You should use attachments, rather than comments, for large chunks of ASCII data, such as trace, debugging output files, or log files. That way, it doesn't bloat the bug for everyone who wants to read it, and cause people to receive fat, useless mails.
You should make sure to trim screenshots. There's no need to show the whole screen if you are pointing out a single-pixel problem.
Bugzilla stores and uses a Content-Type for each attachment (e.g. text/html). To download an attachment as a different Content-Type (e.g. application/xhtml+xml), you can override this using a 'content_type' parameter on the URL, e.g. &content_type=text/plain.
If you have a really large attachment, something that does not need to be recorded forever (as most attachments are), or something that is too big for your database, you can mark your attachment as a "Big File", assuming the administrator of the installation has enabled this feature. Big Files are stored directly on disk instead of in the database. The maximum size of a "Big File" is normally larger than the maximum size of a regular attachment. Independently of the storage system used, an administrator can delete these attachments at any time. Nevertheless, if these files are stored in the database, the "allow_attachment_deletion" parameter (which is turned off by default) must be enabled in order to delete them.
Also, if the administrator turned on the "allow_attach_url" parameter, you can enter the URL pointing to the attachment instead of uploading the attachment itself. For example, this is useful if you want to point to an external application, a website or a very large file. Note that there is no guarantee that the source file will always be available, nor that its content will remain unchanged.
Viewing and reviewing patches in Bugzilla is often difficult due to lack of context, improper format and the inherent readability issues that raw patches present. Patch Viewer is an enhancement to Bugzilla designed to fix that by offering increased context, linking to sections, and integrating with Bonsai, LXR and CVS.
Patch viewer allows you to:
|View patches in color, with side-by-side view rather than trying to interpret the contents of the patch.|
|See the difference between two patches.|
|Get more context in a patch.|
|Collapse and expand sections of a patch for easy reading.|
|Link to a particular section of a patch for discussion or review|
|Go to Bonsai or LXR to see more context, blame, and cross-references for the part of the patch you are looking at|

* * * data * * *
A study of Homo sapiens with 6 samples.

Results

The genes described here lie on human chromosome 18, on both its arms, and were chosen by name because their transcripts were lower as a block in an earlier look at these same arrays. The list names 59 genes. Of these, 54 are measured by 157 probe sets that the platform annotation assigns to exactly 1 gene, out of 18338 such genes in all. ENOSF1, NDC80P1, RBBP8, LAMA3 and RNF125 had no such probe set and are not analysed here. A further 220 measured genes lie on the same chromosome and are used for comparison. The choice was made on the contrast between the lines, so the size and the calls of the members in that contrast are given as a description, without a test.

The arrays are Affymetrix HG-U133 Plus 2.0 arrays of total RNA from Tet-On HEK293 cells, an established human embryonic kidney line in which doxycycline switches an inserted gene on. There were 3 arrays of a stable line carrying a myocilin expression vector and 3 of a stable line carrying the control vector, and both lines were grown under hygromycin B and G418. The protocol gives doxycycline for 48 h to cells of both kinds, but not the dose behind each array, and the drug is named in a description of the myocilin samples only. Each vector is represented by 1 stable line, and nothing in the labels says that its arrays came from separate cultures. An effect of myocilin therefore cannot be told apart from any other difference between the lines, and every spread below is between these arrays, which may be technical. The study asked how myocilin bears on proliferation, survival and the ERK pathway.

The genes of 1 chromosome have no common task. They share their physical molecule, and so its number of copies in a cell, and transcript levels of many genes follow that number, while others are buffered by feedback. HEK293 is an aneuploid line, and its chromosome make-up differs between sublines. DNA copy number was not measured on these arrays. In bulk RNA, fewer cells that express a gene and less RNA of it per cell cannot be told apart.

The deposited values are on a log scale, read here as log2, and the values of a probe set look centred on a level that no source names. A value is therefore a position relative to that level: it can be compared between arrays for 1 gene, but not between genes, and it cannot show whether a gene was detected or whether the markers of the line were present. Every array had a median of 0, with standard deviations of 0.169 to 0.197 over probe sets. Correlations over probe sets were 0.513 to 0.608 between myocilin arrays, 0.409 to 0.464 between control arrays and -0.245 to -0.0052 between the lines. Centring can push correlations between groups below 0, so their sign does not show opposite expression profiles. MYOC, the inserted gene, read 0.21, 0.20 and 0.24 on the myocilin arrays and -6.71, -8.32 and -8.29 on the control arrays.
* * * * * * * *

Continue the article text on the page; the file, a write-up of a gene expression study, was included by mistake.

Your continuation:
|Create a rawtext unified format diff out of any patch, no matter what format it came from|
The main way to view a patch in patch viewer is to click on the "Diff" link next to a patch in the Attachments list on a bug. You may also do this within the edit window by clicking the "View Attachment As Diff" button in the Edit Attachment screen.
To see the difference between two patches, you must first view the newer patch in Patch Viewer. Then select the older patch from the dropdown at the top of the page ("Differences between [dropdown] and this patch") and click the "Diff" button. This will show you what is new or changed in the newer patch.
To get more context in a patch, you put a number in the textbox at the top of Patch Viewer ("Patch / File / [textbox]") and hit enter. This will give you that many lines of context before and after each change. Alternatively, you can click on the "File" link there and it will show each change in the full context of the file. This feature only works against files that were diffed using "cvs diff".
To view only a certain set of files in a patch (for example, if a patch is absolutely huge and you want to only review part of it at a time), you can click the "(+)" and "(-)" links next to each file (to expand it or collapse it). If you want to collapse all files or expand all files, you can click the "Collapse All" and "Expand All" links at the top of the page.
To link to a section of a patch (for example, if you want to be able to give someone a URL to show them which part you are talking about) you simply click the "Link Here" link on the section header. The resulting URL can be copied and used in discussion.
To go to Bonsai to get blame for the lines you are interested in, you can click the "Lines XX-YY" link on the section header you are interested in. This works even if the patch is against an old version of the file, since Bonsai stores all versions of the file.
To go to LXR, you click on the filename on the file header (unfortunately, since LXR only does the most recent version, line numbers are likely to rot).
If the patch is not in a format that you like, you can turn it into a unified diff format by clicking the "Raw Unified" link at the top of the page.